Swimming is a great form of exercise that helps boost cardiovascular fitness, but if you have aural vertigo, there are a few things to know.

Tenzin Chodon
Written by: Tenzin ChodonUpdated at: Apr 06, 2023 10:24 IST
Planning To Go For A Swim? What To Know If You Have Aural Vertigo


Speaking with the OnlyMyHealth editorial team, Dr Savyasachi Saxena, Consultant - ENT, Fortis Hospital, Noida, discusses the impact of swimming on our inner year and how it can result in vertigo. 

Also Read: Expert Explains Nasal Polyps: Symptoms, Causes, Diagnosis, & Treatment

Is It Okay To Swim If You Have Aural Vertigo?

Aural vertigo, or Meniere's disease, is an inner ear problem that can lead to dizziness and even hearing loss in severe cases. While swimming is an excellent form of exercise and a great way to relieve stress, it can become a source of distress for people with vertigo. Dr Saxena says, "If you're not careful while in the water, it can lead to problems with your inner ear, resulting in vertigo. The inner ear has semicircular canals responsible for maintaining balance in humans. You might experience difficulties maintaining balance when something goes wrong inside these canals. Additionally, you might feel like you are spinning when you aren't moving! 

Factors That Can Contribute To Aural Vertigo

According to Dr Saxena, many potential factors can contribute to swimming-related vertigo. These include:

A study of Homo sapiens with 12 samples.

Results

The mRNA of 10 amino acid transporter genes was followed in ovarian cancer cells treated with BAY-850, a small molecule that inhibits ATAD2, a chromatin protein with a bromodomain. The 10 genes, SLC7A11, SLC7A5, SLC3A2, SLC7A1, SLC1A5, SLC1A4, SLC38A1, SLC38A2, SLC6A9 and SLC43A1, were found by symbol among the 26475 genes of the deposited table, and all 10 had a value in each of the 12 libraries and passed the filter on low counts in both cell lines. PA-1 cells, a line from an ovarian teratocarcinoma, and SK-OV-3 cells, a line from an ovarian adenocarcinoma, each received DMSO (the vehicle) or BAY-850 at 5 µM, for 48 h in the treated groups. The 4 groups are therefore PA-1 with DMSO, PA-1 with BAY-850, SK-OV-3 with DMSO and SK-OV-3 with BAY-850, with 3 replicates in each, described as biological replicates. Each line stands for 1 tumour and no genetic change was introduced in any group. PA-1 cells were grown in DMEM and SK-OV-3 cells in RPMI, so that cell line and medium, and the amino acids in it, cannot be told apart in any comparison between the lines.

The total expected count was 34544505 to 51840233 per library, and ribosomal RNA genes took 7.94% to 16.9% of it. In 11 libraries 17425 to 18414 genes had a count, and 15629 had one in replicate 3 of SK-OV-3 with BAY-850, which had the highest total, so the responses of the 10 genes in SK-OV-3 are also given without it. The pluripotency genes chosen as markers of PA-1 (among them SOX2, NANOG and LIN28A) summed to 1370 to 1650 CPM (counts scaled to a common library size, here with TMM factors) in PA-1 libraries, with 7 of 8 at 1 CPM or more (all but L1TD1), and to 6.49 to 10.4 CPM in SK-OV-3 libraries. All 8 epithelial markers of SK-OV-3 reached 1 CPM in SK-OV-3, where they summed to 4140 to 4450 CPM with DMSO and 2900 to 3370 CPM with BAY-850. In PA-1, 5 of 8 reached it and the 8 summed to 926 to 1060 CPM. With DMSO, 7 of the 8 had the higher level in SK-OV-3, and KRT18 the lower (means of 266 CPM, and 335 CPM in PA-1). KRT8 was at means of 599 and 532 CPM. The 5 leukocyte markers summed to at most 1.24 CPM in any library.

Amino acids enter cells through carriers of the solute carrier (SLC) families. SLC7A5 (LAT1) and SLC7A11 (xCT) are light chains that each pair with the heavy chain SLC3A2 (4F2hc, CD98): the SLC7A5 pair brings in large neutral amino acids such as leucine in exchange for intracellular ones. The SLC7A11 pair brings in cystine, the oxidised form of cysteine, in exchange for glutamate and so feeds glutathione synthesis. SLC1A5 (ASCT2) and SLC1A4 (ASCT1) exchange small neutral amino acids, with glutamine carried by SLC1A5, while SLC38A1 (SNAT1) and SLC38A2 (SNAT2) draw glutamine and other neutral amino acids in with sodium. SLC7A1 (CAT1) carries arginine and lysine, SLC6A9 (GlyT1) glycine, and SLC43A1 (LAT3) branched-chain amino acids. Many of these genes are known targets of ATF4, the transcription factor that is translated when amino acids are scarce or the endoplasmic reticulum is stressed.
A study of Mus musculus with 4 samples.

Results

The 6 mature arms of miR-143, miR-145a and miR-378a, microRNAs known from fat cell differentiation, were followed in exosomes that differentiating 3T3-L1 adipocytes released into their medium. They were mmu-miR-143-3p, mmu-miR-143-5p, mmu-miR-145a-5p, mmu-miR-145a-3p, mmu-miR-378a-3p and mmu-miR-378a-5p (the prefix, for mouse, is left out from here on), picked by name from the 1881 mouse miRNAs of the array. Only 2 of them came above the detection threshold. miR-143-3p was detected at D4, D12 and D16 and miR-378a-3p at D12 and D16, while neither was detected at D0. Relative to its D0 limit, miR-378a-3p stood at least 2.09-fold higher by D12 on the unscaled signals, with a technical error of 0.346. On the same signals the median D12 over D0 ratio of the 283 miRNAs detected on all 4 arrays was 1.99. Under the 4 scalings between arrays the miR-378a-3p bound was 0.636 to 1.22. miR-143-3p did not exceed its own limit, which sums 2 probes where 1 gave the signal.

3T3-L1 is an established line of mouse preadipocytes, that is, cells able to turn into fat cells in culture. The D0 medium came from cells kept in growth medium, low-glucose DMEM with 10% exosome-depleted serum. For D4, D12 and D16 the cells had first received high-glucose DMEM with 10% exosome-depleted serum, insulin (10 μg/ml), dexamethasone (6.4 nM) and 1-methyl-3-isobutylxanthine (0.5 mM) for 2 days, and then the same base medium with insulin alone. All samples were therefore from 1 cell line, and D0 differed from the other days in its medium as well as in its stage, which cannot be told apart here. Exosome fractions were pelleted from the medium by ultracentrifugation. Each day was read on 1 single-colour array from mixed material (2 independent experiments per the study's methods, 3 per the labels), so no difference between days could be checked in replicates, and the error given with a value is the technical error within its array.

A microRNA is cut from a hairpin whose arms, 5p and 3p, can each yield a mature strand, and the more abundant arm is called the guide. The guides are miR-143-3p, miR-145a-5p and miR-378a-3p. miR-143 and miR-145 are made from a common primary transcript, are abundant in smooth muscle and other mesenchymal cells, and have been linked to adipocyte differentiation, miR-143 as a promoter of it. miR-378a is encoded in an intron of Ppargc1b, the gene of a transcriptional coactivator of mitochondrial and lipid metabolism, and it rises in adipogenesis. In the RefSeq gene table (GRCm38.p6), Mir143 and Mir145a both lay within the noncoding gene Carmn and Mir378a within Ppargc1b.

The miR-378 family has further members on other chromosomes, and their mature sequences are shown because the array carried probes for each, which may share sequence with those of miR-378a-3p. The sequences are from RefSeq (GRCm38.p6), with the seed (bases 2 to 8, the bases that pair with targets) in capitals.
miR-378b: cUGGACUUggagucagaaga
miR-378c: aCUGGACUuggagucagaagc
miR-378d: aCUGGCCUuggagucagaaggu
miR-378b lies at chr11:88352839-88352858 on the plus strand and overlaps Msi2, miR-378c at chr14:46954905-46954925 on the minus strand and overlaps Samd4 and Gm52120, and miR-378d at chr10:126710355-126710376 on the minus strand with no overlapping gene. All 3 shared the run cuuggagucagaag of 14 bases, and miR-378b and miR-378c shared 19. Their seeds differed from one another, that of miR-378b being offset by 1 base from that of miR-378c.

• Spending too much time in the swimming pool
  • Hyponatremia: A condition in which the blood becomes too diluted from drinking excess water during physical activities like swimming.
  • Swimming in icy-cold water.
  • Swimming in a pool with poor filtration and ventilation systems.
  • Swimming in a pool with insufficient light, high chlorine concentration, and poor water quality. 
  • Not cleaning the ears properly.

Symptoms Of Aural Vertigo

Aural vertigo or Meniere's disease can lead to several symptoms. Some of the most common symptoms include:

Dizziness: People with aural vertigo often experience regular spells of dizziness that start and stop suddenly. It can last for up to 20 minutes to 12 hours.

Aural fullness: Aural fullness is described as a feeling of fullness in the ears, which can occur with aural vertigo. 

Ringing in the ear: Also referred to as Tinnitus, the condition can cause ringing, buzzing, whistling, or hissing sounds in the ear.

Hearing loss: During the early stages of aural vertigo, temporary hearing loss may occur occasionally. If left untreated, it can worsen and occur for more extended periods.


With summer approaching, swimming seems like a great activity to plan. But if you have an inner ear problem, it is best to confirm your diagnosis of aural vertigo or Meniere's disease. While there is no definite cure, some treatments can help manage and lower the distressing impact of vertigo and associated symptoms.